Distributed denial-of-service (DDoS) attacks have been around for a long time. However, the sophistication and scale of these threats has grown in recent years. Cybercriminals are employing amplification techniques that exploit vulnerabilities in misconfigured services or network protocols to increase the traffic they can generate and maximize the impact of their attacks.
A recent study has shown that DDoS attacks are far from being a thing of the past, as the number of DDoS attacks is up by 40% over the last six months, increasingly targeting sectors such as banking, e-commerce and education. These types of attacks can have a significant impact on organizations, causing financial loss and reputational damage and, as they are growing more frequent, DDoS disruptions continue to pose a real threat to businesses.
Why are these attacks still effective?
Despite being unsophisticated compared to other cyberattacks, DDoS attacks are still disrupting online business and governmental infrastructures. In June of this year, Diablo 4, one of the most prominent video game releases of this year, and other games developed by the Blizzard company, were targeted by a DDoS attack that temporarily interrupted their services. In the same month, Microsoft confirmed it had been victim to Layer 7 DDoS attacks, which caused intermittent outages for its Azure, Outlook, and OneDrive services.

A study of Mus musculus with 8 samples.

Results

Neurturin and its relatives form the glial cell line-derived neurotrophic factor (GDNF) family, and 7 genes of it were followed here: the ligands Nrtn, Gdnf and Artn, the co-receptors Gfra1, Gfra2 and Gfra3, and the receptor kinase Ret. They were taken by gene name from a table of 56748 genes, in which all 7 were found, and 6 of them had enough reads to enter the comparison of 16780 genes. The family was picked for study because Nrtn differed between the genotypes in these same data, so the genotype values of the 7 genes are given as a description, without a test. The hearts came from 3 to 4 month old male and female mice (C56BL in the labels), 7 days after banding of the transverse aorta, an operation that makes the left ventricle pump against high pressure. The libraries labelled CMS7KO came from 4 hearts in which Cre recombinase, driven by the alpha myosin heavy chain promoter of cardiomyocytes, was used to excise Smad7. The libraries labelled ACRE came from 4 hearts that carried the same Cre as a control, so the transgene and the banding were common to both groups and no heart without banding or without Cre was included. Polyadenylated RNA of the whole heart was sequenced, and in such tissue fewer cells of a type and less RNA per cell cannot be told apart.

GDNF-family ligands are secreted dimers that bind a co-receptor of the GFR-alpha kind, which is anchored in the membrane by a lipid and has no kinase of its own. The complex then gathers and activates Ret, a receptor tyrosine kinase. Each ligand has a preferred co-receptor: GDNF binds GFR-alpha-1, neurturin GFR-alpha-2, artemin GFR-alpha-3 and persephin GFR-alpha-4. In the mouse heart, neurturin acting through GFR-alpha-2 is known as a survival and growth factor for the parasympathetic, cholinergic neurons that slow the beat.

So, if these attacks are considered "old-fashioned" why are they on the rise?
- They are simple: DDoS attacks can be perpetrated with relative ease compared to more sophisticated threats such as big-game hunting ransomware. This means that any malicious actor with a basic level of networking knowledge could initiate a DDoS attack.
- They are offered as a service: it is possible to hire a hacker to carry out the attack for $30 per day or between $10 and $5 per hour. This fee varies depending on the size and duration of the attack or by the type of botnet used by the vendor.
- Availability: DDoS attacks are on the rise due to factors such as the growth of the DDoS-as-a-service market. It has probably never been easier to commission a DDoS attack.
- They are opportune for attackers: companies are increasingly dependent on their online services, digital marketplaces, and real-time services. The service disruption caused by DDoS is costly for companies and can damage their reputation, giving cybercriminals the opportunity to extort money from them.
- They serve as a distraction: they are often used as a diversionary tactic to mask other malicious activities. They can also be a powerful way to attract attention, making them a popular choice among hacktivist groups.
- They add pressure to ransomware attacks: Some ransomware operators, such as Lockbit 3.0, use DDoS attacks to ramp up pressure on the target organization and get them to pay the ransom in a strategy that is known as triple extortion.
- They are immediate: unlike other cyberattacks such as phishing, which require a waiting time until the victim falls into the trap, DDos attacks can be carried out quickly, giving hackers instant access to data and enabling them to prolong or modify an attack in any chosen direction.
Firewalls as a measure to protect against DDoS attacks
The continued rise in DDoS attacks has alerted major cybersecurity institutions such as the U.S. Cybersecurity and Infrastructure Security Agency (CISA), which has recently issued a warning on the dangers of this malicious tactic. The CISA advises organizations that suspect they have fallen victim to a DDoS attack to identify the source and mitigate the situation by applying firewall rules.
A firewall can block IP addresses and ports, as well as set predetermined traffic thresholds for servers and customers, actions that will prevent a DDoS attack from damaging business networks.